Age seems to be a big issue in life. We want to look younger, live longer, try many different and desperate ways to pursue youth – even when we hit our twenties we worry that we aren’t as interesting as the 16-year-olds around us.
In acting, age is of vital importance; you have to be as young as possible to land the great roles that willll kick-start your career. Or so it seems. The question is: do you really have to start out as a child in order to get a great career as an actor?
Professional child actors seem to be all over stage and screen like bees in a hive. Success is sweet, and young people are far more determined and adult about the business that you would imagine – the four ‘Matildas’ winning their Olivier awards is a great example. It seems to be standard to start off very young – even toddlers can do drama courses, schools and auditions – and with all these children growing up in the business with experience and showbiz in their bones, is there any space left for those of us who don’t find our calling before the end of our teens?
Looking at Hollywood, it seems to be impossible to get anywhere unless you’ve starred in ten films by the time you are 16 and had your debut as a five-year-old on the Disney Channel. Although the UK is a different market, age seems to be an issue here as well. Whenever I go to an audition, a workshop or a rehearsal, it is dominated by actors who started out insanely early in their lives and who therefore have way more experience than me. Some have been in front of the camera since before they could even walk, and with little business bugs like these, who will ever be able to compete against them? When I tell people my age and experience they frown and mumble “yeah, you’re quite old”. I have to say I’m only 21, and didn’t think my acting life had half-ended until I was told I was now too old for all the teenage roles and that I’d probably find myself competing against child actors with much more experience who’d worked their way to the top from age 11.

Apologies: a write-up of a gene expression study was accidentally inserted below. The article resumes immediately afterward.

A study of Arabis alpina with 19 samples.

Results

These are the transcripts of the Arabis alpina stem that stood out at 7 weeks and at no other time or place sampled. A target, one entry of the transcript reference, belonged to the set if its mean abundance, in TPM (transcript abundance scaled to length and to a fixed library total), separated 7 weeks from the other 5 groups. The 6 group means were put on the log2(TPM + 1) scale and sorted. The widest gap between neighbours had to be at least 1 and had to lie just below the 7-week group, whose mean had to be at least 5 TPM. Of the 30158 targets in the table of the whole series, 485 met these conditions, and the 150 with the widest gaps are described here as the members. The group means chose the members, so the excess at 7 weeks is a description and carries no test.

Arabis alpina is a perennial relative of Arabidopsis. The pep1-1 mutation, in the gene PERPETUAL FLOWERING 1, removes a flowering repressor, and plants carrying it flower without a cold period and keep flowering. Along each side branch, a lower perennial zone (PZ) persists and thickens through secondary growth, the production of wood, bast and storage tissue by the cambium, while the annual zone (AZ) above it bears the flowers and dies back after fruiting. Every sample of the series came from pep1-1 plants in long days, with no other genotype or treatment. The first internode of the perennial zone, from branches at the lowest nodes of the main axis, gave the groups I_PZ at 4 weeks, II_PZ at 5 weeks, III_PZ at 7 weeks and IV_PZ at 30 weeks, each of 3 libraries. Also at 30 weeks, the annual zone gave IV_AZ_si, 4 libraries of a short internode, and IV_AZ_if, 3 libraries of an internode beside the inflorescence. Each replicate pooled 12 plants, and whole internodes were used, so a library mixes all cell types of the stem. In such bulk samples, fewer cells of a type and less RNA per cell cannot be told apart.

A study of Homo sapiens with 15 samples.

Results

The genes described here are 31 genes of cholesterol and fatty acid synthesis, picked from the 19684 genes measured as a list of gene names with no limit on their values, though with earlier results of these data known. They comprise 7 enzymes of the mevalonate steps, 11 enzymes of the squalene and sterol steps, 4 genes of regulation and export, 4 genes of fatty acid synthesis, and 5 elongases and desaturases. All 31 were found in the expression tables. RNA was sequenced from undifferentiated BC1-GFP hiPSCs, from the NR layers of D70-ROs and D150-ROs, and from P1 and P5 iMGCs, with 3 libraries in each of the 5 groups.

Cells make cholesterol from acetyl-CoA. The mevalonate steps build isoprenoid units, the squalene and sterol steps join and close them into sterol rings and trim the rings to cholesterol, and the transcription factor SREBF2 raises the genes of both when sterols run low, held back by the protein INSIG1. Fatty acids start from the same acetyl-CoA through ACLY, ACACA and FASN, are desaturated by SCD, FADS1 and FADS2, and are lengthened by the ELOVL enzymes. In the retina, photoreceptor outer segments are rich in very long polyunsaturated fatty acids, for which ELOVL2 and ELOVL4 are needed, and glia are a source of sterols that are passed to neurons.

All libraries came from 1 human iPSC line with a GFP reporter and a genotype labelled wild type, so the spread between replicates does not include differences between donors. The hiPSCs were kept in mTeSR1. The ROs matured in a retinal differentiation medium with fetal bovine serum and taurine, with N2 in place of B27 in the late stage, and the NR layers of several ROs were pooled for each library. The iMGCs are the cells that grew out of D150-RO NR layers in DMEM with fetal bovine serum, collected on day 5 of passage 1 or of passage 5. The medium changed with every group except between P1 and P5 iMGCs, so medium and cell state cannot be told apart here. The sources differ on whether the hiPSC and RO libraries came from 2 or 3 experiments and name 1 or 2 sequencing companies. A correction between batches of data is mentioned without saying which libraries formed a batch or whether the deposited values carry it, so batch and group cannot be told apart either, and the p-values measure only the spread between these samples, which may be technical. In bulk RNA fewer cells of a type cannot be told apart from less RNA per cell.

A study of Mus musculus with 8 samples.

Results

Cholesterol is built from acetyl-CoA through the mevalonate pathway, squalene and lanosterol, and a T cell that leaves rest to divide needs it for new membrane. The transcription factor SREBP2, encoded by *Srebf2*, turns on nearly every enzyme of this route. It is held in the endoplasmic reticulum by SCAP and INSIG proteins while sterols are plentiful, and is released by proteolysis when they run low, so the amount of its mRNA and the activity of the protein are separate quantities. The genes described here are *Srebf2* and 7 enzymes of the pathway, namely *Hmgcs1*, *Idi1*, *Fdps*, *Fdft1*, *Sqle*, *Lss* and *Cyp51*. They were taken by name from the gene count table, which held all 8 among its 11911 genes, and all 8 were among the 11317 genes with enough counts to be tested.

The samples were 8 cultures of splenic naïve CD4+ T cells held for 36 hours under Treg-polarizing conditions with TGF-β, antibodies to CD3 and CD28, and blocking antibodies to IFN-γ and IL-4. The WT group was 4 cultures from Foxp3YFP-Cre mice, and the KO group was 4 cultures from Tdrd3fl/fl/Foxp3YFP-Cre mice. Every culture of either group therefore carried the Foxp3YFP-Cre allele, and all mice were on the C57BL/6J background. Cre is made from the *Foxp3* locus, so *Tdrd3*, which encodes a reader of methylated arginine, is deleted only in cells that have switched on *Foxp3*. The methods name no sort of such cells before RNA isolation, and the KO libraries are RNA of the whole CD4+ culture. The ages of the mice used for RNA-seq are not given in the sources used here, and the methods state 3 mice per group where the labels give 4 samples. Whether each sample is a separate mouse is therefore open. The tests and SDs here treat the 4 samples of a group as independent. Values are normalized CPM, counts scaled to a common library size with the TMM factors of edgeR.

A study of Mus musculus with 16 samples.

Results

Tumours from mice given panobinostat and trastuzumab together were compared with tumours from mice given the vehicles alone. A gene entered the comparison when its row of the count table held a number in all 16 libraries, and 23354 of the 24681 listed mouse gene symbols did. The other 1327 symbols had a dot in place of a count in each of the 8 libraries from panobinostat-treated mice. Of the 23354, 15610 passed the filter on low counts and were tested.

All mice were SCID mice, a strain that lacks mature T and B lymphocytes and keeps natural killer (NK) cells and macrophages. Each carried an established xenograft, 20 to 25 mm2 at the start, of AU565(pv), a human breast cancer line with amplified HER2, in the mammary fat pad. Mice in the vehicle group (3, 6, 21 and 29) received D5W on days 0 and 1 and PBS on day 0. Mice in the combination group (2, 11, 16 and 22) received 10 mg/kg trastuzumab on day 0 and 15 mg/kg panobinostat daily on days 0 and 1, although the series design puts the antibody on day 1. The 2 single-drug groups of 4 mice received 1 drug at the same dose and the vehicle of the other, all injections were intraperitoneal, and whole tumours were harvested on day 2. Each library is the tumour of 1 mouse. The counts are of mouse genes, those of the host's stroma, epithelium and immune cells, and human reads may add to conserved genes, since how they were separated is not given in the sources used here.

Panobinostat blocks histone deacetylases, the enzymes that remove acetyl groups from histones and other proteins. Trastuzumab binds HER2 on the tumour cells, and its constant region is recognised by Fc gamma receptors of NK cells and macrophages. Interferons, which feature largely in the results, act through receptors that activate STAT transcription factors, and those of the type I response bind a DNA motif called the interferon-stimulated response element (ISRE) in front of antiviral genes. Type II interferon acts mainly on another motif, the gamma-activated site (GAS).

So is it too late? Is it really vital to start a professional career in your childhood? Or can you succeed even though you never worked for Disney Channel or CBeebies?
Luckily there are some great examples out there – Alan Rickman didn’t start drama school until he was 26, Judi Dench had her debut in her twenties, and Annette Bening was in her thirties when her career started to take off. Some people say you need life experience and time to figure out your passion, and that these ‘wasted’ years will be very beneficial should you achieve a career in the arts. Many great character actors are people who didn’t take their first steps on a stage – so maybe there is hope ahead for all of us latecomers. Fingers crossed.